Timeline of MSU sexual misconduct investigation

October 2013: Nathan, a sophomore, and Melanie, freshman, meet at a Michigan State University consciousness-raising group for men supportive of feminism. When they begin dating, she says she’s recovering from an abusive relationship in high school.

May 2, 2014: The MSU term ends. Melanie goes home to Canton. Nathan returns to his family’s Birmingham home.

May 31, 2014: Nathan and Melanie meet with explicit sexual intentions in Canton at 7 p.m. They are having sex in a car when a passerby interrupts them. They go to dinner, talk, sit on the railway tracks. She’s upset because the interruption in the car reminds her of her high school abuse. He tries to resume sexual contact, reaching under her shirt to touch her breast. She rebuffs him.

June 1, 2014: Melanie texts Nathan: “I feel like you went a little too far asking me for sexual acts last night…It gave me the impression that you were using the old “x” number of no’s and a yes still mean yes tactic…I didn’t really expect to have to deal with that from you.” Adds: it would “be best if we not be anything more than friends anymore.”

September 2014: Nathan and Melanie take the same bioethics class in their residential college. They go through the term and avoid speaking to each other.

January, 2015: MSU retires its former sexual harassment policy and institutes a new Relationship Violence and Sexual Misconduct Policy. The new policy includes more specific definitions of sexual consent and sexual misconduct that are more logically applied to dating situations than the previous sexual harassment policy.

April 2015: Melanie tells members of her poetry class to watch out for Nathan because he “sexually assaulted” her.

May 18, 2015: Melanie changes her name legally, after learning the name her mother would have chosen if she’d been born biologically as a boy. She begins taking testosterone and publicly embraces a male identity.

September 1, 2015: MSU releases an agreement with the federal education department’s Office for Civil Rights. The school creates a new Office of Institutional Equity to investigate all claims of harassment and discrimination. MSU agrees to document every complaint of sex harassment and sexual violence and conduct “climate checks,” monitoring efforts to rid the campus of sexual violence.

September 21, 2015: MSU releases results of campus climate survey on sexual assault and misconduct using data from 8,352 MSU students among 150,000 participants. MSU President Lou Anna Simon says: “The survey underscores that sexual assault on college campuses is a serious national issue. No member of our community should be threatened by sexual violence.”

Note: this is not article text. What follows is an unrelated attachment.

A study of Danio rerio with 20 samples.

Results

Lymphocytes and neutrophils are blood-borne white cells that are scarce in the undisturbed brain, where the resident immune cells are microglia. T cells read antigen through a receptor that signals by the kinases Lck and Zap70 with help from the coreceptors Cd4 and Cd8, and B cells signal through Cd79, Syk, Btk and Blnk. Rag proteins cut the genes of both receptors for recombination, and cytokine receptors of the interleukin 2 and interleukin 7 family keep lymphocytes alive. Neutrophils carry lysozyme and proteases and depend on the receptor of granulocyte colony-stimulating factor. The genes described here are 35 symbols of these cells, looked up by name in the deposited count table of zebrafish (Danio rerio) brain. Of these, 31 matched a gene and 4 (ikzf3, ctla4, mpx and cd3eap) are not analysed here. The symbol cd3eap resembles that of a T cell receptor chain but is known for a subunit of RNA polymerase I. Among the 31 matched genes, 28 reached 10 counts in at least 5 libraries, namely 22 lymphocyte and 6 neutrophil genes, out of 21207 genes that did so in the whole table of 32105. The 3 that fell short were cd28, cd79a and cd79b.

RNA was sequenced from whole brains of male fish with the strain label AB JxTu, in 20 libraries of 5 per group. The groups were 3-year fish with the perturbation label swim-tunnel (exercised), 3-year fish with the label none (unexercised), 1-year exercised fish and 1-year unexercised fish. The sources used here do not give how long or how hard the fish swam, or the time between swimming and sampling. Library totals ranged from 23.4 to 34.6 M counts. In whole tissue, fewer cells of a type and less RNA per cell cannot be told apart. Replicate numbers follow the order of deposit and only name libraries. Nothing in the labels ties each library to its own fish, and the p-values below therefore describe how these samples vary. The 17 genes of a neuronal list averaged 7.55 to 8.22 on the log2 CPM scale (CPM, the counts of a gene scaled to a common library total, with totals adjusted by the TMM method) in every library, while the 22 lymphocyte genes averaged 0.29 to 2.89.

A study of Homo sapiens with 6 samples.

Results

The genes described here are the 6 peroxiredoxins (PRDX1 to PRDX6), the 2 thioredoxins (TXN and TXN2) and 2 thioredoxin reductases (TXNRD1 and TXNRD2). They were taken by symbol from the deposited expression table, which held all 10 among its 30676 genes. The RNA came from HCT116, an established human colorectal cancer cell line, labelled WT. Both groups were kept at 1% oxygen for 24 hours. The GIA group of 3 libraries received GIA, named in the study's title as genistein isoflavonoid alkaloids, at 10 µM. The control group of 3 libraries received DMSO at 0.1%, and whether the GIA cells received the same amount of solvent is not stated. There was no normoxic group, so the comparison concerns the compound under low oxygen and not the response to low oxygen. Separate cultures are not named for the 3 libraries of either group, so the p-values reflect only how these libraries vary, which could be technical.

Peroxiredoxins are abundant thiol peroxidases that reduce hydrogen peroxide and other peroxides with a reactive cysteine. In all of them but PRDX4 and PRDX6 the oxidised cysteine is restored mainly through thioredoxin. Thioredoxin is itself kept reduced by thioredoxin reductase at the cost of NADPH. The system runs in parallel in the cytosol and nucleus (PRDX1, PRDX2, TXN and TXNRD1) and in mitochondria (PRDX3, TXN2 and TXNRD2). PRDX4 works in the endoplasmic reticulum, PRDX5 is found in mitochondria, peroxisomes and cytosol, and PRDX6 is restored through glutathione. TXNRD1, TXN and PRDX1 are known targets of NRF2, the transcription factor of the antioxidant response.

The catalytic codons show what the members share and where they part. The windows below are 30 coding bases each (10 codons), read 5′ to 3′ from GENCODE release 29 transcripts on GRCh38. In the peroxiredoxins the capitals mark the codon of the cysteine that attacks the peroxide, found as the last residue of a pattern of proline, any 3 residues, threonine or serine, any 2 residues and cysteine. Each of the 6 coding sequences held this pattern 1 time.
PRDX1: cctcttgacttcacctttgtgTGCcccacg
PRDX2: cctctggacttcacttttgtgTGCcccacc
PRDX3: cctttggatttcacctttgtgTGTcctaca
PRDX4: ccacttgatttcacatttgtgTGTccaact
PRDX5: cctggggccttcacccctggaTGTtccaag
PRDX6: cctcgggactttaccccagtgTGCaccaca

September 25, 2015: After telling a residence hall adviser she was sexually assaulted, Melanie is interviewed by Dr. Jayne Schuiteman, senior investigator at the newly-created Office of Institutional Equity. Schuiteman interviews Nathan a month later, saying the case will be “wrapped up within 60 days.”

February 2016: MSU decision and letter to Nathan says he violated the current policy on relationship violence and sexual misconduct, perhaps because the investigator’s report described the incident as taking place in August, 2015, rather than May 2014, when a less rigorous harassment policy was still in place. Nathan’s family hires a lawyer.

March 30, 2016: MSU review panel identifies the error, noting that “at the time of the alleged misconduct, the relationship violence and sexual misconduct policy did not exist.” The Office of Institutional Equity is directed to revise its analysis under the older sexual harassment policy.

April 27, 2016: A new investigation report restates MSU’s finding that Nathan “pushed” Melanie down before touching her breast. In an interview with Bridge, Melanie says the university’s finding is incorrect, he did not push her. They both agree they were sitting on the railroad tracks with his arm around her when the incident occurred. MSU’s final report deletes the pushing account.

June 20, 2016: Nathan, through his lawyer, challenges the MSU interpretation of the touching as a “severe, persistent or pervasive” violation of the school’s sexual harassment standards that created a hostile environment.

October 21, 2016: Denise Maybank, MSU vice president for student affairs, renders a final verdict — Nathan violated the sexual harassment policy. She changes Nathan’s probation term from “indefinitely” to ending it retroactive to his graduation, May 7, 2016. Nathan is allowed to receive his diploma but a school-imposed no-contact order (with Melanie) remains in effect, were Nathan to return to MSU.

Main story: An unwanted touch. Two lives in free fall. A dispatch from the drive to stop sexual assault on campus.